After a three-year investigation, the European Commission has ordered Amazon to pay $300 million, or about €250 million, in back taxes to Luxembourg, saying that the company’s regional headquarters in the country allowed Amazon to avoid paying taxes on much of its European profits between 2006 and 2014.

The Commission said that Amazon was benefitting from a tax arrangement with Luxembourg, considered a tax haven, that was illegal. Amazon’s holding company in the country, which is a limited partnership without offices, employees, or any business activity, was not subject to corporate taxes under Luxembourg’s tax laws.

“Luxembourg gave illegal tax benefits to Amazon,” said Margrethe Vestager, commissioner for the EU, in a statement. “As a result, almost three quarters of Amazon’s profits were not taxed…Member States cannot give selective tax benefits to multinational groups that are not available to others,” she continued.

Amazon initially entered into the tax arrangement with Luxembourg back in 2003, but it isn’t the only company that has done so. Thousands of other companies have based themselves in the small European country, notes Forbes. McDonald’s (MCD - Free Report) and French utility company Engie are also being investigated for their Luxembourg tax strategies.

Amazon’s tax struggles have managed to travel stateside as well. According to Forbes, the company was accused of transferring U.S. funds to its Luxembourg-based shell company in order to bypass paying $234 million in taxes for 2005 and 2006. While Amazon won the case against the IRS regarding this accusation, the IRS is reportedly appealing.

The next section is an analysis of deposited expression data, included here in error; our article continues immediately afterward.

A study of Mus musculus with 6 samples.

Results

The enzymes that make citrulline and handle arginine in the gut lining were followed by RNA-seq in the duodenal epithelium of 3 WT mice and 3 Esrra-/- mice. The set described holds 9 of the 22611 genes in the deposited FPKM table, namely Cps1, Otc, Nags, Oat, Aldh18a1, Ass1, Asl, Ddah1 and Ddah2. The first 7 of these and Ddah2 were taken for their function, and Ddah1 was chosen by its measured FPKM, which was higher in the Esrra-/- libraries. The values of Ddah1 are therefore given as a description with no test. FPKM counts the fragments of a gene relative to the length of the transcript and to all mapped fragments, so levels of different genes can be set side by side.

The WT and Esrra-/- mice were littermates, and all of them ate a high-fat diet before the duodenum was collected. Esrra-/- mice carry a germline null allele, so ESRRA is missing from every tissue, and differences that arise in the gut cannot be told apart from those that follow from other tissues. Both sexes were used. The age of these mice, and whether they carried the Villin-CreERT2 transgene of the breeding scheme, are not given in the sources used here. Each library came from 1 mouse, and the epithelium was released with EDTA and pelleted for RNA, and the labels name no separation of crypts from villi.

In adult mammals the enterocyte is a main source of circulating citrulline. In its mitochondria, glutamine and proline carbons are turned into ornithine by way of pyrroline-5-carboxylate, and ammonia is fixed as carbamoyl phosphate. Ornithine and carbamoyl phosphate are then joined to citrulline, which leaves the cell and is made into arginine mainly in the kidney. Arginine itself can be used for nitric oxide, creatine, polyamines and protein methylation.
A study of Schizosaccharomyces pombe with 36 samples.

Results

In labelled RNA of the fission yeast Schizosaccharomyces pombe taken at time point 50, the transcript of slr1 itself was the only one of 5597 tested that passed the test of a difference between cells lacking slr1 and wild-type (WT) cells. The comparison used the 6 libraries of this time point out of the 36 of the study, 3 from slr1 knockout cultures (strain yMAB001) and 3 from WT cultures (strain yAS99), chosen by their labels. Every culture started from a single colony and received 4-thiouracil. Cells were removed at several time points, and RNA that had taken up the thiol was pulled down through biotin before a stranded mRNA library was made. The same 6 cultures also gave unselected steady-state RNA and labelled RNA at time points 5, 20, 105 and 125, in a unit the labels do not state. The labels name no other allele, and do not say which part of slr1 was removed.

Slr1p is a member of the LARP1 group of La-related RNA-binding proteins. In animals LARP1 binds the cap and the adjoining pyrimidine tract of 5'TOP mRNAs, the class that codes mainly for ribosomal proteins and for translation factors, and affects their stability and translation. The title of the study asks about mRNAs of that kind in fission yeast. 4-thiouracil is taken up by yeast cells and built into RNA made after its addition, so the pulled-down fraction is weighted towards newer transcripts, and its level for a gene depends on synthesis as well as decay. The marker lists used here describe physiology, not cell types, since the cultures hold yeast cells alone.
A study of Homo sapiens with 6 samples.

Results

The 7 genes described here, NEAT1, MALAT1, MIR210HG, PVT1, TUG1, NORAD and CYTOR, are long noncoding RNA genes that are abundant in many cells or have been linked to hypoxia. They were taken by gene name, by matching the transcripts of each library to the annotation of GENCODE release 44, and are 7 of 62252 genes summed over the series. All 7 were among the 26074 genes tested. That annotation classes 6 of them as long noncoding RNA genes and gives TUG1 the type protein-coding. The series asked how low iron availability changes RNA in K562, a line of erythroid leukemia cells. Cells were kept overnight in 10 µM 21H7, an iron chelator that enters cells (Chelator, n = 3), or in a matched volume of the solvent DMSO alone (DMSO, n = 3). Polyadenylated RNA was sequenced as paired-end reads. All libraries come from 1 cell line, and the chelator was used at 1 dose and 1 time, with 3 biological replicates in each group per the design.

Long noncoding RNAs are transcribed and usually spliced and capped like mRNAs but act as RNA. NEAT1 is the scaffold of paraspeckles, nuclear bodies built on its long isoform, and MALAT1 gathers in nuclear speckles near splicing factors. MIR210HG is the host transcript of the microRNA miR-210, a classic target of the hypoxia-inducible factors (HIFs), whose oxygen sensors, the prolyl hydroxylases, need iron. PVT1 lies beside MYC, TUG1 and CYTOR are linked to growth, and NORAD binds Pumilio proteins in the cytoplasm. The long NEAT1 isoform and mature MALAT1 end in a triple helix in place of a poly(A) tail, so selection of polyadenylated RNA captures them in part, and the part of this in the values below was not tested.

Meanwhile, the European Commission said it would take Ireland to court on Wednesday for failing to collect the $14.5 billion, or about €13 billion, in back taxes from iPhone maker Apple Inc. (AAPL - Free Report) by the deadline, which was this past January. Regulators found that Apple was paying a tax rate of just 0.005% compared to Ireland’s usual corporate rate of 12.5%.

And earlier this summer, EU regulators slapped Google (GOOGL - Free Report) with a record $2.7 billion antitrust fine, ruling that the search engine denied “consumers a genuine choice” by utilizing its popular search engine to unfairly guide them to its shopping platform. In other words, Google had been giving illegal priority placement to its own shopping service in search results, while pushing rivals’ search results to areas where buyers were much less likely to click.